Ice Age Animal Bones Uncovered During LA Subway Excavation

mammoth or mastodon bone
Jasmyn Nolasco (left) and Janis Basuga (right) put the leg bone of either a mammoth or mastodon (it's unclear which) into a protective plaster cast. (Image credit: Cogstone Resource Management Inc.)

The discovery of ice age mammal bones — one belonging to an extinct camel and the other to either a mastodon or a mammoth (it's hard to say which) — temporarily stopped construction of Los Angeles' subway line extension last month.

Paleontologists found the fossils just down the street from the La Brea Tar Pits in L.A.'s Miracle Mile district, where a future subway station will be built. On April 12, scientists discovered the camel bone, and on April 13, they uncovered the bone of the proboscidean (the ancient elephant relative).

"It's one thing to read in a history book that these animals used to live all over North America, but it makes it more real when they're found in your city," said Ashley Leger, the paleontological field director for Cogstone Resource Management Inc., a company that surveys sites for paleontological and archaeological remains before construction projects begin. "[For] the people of Los Angeles, this is their history. This is what lived there thousands of years before they were ever there." [Photos: Ice-Age Animal Skull Unearthed During LA Subway Construction]

The bone from the extinct camel (Camelops hesternus) is an exceptionally rare find, Leger said. The La Brea Tar Pits hold the preserved remains of more than 600 species of plants and animals, including the bones of thousands of saber-tooth cats and dire wolves. But researchers have found the remains of only about 40 camels in the tar pits, Leger said.

Camels originated in North America about 45 million years ago before spreading across the world. The last known Camelops died about 13,000 years ago, said Emily Lindsey, an assistant curator at the La Brea Tar Pits.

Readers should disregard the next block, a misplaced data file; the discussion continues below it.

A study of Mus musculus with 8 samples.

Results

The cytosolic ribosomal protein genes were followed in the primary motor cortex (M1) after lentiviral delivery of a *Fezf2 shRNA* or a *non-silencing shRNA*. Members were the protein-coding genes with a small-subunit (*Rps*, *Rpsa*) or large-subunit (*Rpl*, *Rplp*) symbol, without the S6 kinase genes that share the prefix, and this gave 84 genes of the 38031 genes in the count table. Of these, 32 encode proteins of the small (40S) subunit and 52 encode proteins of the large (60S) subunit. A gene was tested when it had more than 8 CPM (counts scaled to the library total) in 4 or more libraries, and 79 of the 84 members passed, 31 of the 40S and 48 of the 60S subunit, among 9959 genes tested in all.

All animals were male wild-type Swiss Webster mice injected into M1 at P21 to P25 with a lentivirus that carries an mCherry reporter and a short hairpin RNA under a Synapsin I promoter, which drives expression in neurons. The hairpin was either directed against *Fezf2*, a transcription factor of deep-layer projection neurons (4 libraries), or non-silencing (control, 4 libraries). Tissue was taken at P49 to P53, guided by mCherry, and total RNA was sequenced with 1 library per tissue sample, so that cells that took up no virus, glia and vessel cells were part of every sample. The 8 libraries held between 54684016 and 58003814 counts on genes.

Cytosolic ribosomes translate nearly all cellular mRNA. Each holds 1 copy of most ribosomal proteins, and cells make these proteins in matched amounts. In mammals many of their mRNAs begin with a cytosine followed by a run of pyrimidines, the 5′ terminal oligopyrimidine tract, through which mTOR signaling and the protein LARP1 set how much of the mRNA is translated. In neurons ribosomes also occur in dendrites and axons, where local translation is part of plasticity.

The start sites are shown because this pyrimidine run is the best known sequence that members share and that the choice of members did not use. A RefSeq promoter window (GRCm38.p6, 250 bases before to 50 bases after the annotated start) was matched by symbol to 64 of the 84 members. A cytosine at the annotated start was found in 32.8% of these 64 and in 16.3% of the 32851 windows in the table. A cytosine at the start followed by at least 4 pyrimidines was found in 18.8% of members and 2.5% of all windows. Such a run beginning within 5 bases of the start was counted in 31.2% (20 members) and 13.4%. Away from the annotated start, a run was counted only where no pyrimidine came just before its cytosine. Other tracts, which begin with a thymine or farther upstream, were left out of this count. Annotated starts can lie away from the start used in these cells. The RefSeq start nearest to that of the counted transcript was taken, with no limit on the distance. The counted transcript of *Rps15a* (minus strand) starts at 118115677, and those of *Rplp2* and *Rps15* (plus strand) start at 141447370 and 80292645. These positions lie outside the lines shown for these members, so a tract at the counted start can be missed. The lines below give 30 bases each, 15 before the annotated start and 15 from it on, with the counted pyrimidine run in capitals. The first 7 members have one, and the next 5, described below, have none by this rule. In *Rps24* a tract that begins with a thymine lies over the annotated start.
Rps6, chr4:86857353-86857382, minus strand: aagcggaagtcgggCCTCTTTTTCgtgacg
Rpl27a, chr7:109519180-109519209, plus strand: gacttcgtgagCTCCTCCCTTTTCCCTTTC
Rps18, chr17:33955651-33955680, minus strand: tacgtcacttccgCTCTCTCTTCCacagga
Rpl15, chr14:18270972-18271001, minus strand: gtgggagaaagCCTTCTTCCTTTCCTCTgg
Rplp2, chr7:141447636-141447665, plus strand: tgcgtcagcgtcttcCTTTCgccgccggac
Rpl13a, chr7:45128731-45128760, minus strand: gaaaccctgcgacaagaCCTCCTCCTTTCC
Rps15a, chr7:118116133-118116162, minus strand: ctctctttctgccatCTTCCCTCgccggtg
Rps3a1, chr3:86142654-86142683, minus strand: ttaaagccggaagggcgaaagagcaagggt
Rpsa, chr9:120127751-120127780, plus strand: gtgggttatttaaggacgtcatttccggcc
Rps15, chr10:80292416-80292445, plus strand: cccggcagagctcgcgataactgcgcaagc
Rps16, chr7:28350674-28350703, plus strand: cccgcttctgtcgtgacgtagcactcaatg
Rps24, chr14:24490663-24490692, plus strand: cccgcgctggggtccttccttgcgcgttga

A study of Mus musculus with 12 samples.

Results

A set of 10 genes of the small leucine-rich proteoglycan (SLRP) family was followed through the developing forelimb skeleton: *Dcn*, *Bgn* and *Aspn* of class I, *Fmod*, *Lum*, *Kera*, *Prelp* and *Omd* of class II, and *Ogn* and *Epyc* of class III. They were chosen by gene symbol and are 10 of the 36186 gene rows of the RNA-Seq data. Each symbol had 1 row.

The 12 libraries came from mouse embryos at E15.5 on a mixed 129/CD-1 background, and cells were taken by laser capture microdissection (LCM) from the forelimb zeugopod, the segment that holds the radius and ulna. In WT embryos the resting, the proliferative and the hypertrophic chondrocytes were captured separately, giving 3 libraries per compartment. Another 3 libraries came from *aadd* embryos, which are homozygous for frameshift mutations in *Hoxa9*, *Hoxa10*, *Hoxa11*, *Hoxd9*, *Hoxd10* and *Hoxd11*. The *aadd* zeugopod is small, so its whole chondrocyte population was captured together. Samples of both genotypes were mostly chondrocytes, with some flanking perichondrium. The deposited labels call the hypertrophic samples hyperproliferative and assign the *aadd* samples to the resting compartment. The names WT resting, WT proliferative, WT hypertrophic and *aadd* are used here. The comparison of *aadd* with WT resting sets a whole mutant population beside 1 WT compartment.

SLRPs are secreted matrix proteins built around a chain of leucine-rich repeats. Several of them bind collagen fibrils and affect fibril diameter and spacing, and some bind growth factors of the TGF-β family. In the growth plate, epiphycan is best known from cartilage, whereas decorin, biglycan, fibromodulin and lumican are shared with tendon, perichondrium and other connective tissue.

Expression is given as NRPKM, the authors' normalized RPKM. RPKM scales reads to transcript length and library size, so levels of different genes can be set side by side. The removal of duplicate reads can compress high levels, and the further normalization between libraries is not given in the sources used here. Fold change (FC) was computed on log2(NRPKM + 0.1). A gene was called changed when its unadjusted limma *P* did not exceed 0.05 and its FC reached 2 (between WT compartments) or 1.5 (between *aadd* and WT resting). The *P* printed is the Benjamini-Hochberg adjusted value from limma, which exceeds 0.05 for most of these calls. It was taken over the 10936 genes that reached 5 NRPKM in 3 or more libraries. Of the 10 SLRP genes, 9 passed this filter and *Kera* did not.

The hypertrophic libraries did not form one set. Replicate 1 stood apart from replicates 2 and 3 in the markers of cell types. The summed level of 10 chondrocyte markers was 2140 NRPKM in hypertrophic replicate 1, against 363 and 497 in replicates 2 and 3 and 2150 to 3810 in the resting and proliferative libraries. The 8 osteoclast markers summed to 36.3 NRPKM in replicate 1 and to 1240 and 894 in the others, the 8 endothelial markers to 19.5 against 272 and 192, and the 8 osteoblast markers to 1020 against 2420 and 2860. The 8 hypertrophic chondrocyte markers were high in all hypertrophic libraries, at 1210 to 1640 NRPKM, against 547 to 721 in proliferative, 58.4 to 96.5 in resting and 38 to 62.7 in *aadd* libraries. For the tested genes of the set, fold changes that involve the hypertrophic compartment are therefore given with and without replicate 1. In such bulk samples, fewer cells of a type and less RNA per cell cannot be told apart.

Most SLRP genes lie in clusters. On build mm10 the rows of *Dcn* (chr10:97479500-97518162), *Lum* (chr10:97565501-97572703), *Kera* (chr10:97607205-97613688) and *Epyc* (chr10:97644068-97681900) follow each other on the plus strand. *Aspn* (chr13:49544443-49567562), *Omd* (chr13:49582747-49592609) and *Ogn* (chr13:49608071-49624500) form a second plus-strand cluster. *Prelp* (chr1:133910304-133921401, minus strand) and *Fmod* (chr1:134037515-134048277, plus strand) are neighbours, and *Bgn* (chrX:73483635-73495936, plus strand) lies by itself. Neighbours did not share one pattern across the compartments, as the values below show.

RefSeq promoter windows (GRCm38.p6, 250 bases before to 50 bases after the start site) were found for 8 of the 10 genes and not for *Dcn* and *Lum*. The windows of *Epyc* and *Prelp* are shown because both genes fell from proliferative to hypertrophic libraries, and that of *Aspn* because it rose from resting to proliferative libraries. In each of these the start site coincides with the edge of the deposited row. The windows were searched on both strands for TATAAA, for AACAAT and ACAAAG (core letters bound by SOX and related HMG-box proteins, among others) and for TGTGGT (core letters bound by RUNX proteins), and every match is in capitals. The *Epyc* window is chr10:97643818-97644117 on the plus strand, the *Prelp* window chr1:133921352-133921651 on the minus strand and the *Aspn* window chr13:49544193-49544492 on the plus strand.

A drawing of Camelops, Latin for "yesterday's camel." (Image credit: Courtesy of the Natural History Museum of Los Angeles County)

The roughly 20-inch-long (50 centimeters) camel bone is a radioulna — the combination of forearm bones between the wrist and elbow, according to The Source, a transportation blog about the L.A. Metro. The radioulna helped Camelops support itself, allowing the animal to carry its body weight over its front and hind legs, according to The Source.

C. hesternus is related to, but a different from the modern dromedary camel, a one-humped ungulate more commonly known as the Arabian camel. C. hesternus hadlonger legs, knobbier knees and a larger head than dromedary camels do, according to The Source.

The 20-inch-long (50 centimeters) radioulna bone from the extinct camel species Camelops hesternus. (Image credit: Cogstone Resource Management Inc.)

Two other camel genera lived in what is now California during the last ice age: Hemiauchenia and Palaeolama, Lindsey told Live Science.

The other fossil is an approximately 36-inch-long (91 centimeters) thighbone, or femur, of either a mastodon or mammoth. Both animals trampled through what is now Los Angles more than 10,000 years ago, before going extinct, Leger said.

She noted that the mammoth would have been a Columbian mammoth (Mammuthus columbi), not a woolly mammoth (Mammuthus primigenius), a shaggy beast that would have preferred the colder climate up north. Columbian mammoths were about the same size as their distant relatives, the modern-day African elephant, and about 15 percent larger than that species' close relative, the Asian elephant, Lindsey said.

Paleontologists will continue to look for more ancient bones as subway construction continues. All of the fossils uncovered during the Wilshire/La Brea station excavation will be donated to the Natural History Museum of Los Angeles County, according to The Source.

Jasmyn Nolasco (left) and Janis Basuga (right) put the leg bone of either a mammoth or mastodon (it's unclear which) into a protective plaster cast. (Image credit: Cogstone Resource Management Inc.)

Leger noted that although the newfound bones aren't completely fossilized (that is, with minerals replacing original bone), they are referred to as fossils because they are 10,000 years old or older.

These aren't the first ice age animal fossils uncovered during the subway extension. In November of 2016, paleontologists found a tooth, tusks and a skull from either a mastodon or a mammoth, Live Science previously reported

Original article on Live Science.

Laura Geggel

Laura is the archaeology and Life's Little Mysteries editor at Live Science. She also reports on general science, including paleontology. Her work has appeared in The New York Times, Scholastic, Popular Science and Spectrum, a site on autism research. She has won multiple awards from the Society of Professional Journalists and the Washington Newspaper Publishers Association for her reporting at a weekly newspaper near Seattle. Laura holds a bachelor's degree in English literature and psychology from Washington University in St. Louis and a master's degree in science writing from NYU.